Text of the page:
After another incredibly challenging year our ministry partners are very much looking forward to celebrating Christmas this month.
Ongoing lockdowns and limited access to vaccines means they are still in the throes of this pandemic, but they are determined to celebrate the birth of Jesus and to share hope and joy with their communities.
Here are some of the ways our ministry partners are planning to celebrate Christmas across the world:
The DR Congo
In addition to the impacts of this Covid pandemic our ministry partners in Goma were also affected by the volcanic eruption of Mount Nyiragongo in May, which displaced and traumatised thousands of families.
HEAL Africa will be hosting a special chapel service on Christmas Day for all the children in their programs. They will play games, and there will be a theatre sketch (where children perform in front of the whole congregation) about the birth of Jesus. After the service, everyone will share a meal together and sponsored children will receive a parcel of food (rice, flour, beans, sugar, cooking oil) to allow their families to celebrate well at home.
The Ephphatha Centre for the Deaf will also host a special Christmas service at their church. They will perform a nativity play and give the children small gifts.
COVID-19 restrictions continue in Uganda, including a 7pm curfew, which will curtail some Christmas celebrations this year. This is hard for Ugandans, as Christmas is normally an exciting time of gathering and worshipping together. Many people have also lost jobs and are struggling to even put food on the table, let alone manage a big Christmas celebration.
The team at Christian Fellowship Ministries (CFM) are planning on buying each other gifts in a Kris Kringle-style celebration, but they’re also looking to bless others. They will provide food packs to sponsored children and others in the community, including rice, sugar, wheat flour, cooking oil and salt. They’re especially hoping to be able to give packs to widows, single parents, the elderly, those with chronic illnesses, prisoners and street children. Many of these groups have struggled even more than usual as a result of COVID.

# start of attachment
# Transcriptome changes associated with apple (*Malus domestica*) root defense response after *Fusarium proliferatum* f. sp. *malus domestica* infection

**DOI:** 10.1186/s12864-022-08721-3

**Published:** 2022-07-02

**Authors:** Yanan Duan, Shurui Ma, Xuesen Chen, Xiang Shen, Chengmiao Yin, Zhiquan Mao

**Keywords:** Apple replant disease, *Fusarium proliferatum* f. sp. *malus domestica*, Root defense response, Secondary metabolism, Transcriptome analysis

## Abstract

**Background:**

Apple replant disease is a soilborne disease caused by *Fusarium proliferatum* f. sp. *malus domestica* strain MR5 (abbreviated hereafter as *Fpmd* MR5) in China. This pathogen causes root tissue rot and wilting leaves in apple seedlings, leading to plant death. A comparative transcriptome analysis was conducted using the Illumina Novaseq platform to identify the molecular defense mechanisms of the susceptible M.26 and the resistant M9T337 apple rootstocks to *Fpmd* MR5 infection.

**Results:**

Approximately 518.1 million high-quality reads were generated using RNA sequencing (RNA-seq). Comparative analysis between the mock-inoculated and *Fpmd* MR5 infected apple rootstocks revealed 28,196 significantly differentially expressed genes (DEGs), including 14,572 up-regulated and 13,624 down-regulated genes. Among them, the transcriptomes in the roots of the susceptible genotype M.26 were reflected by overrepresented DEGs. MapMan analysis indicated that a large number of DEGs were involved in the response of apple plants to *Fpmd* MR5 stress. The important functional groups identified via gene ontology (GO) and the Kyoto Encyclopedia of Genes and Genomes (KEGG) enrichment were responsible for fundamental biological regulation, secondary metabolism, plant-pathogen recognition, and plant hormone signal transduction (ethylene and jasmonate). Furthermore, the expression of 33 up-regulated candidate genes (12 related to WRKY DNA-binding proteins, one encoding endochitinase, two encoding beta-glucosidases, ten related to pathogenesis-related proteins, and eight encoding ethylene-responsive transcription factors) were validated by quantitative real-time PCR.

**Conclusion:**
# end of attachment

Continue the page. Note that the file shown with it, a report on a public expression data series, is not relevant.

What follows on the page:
Wakisa Ministries will go on a Christmas break from 23 December, but some staff will remain at their pregnancy crisis centre to care for the young women over Christmas. On Christmas Day the staff will give each of the girls a small gift, and then together they will prepare a delicious meal and sit to relax and watch television or a film. They’ll stay safe together in the centre, where the young women can remain protected from COVID as they go through their pregnancies and learn to care for their babies.
Each year, Bangalore City Mission (BCM) normally host a Christmas Carnival with games, music, dance and gifts. But due to the ban on large gatherings due to COVID, the team is instead planning an online show to raise Christmas spirits. They will also seek to provide special Christmas treats, warm clothes and blankets (as it’s winter and most families live in simple thatched houses) to families to help them have a safe and happy Christmas at home.
Christmas isn’t widely celebrated in Cambodia except in the small Christian communities. With the government now allowing some gatherings, Sunshine Cambodia will run a few different Christmas celebrations for children in Phnom Penh and rural Cambodia. Sunshine are also partnering with some local churches to provide gifts for over 700 children. They will invite families living near these churches to attend Christmas services there, so that families can hear the good news about Jesus.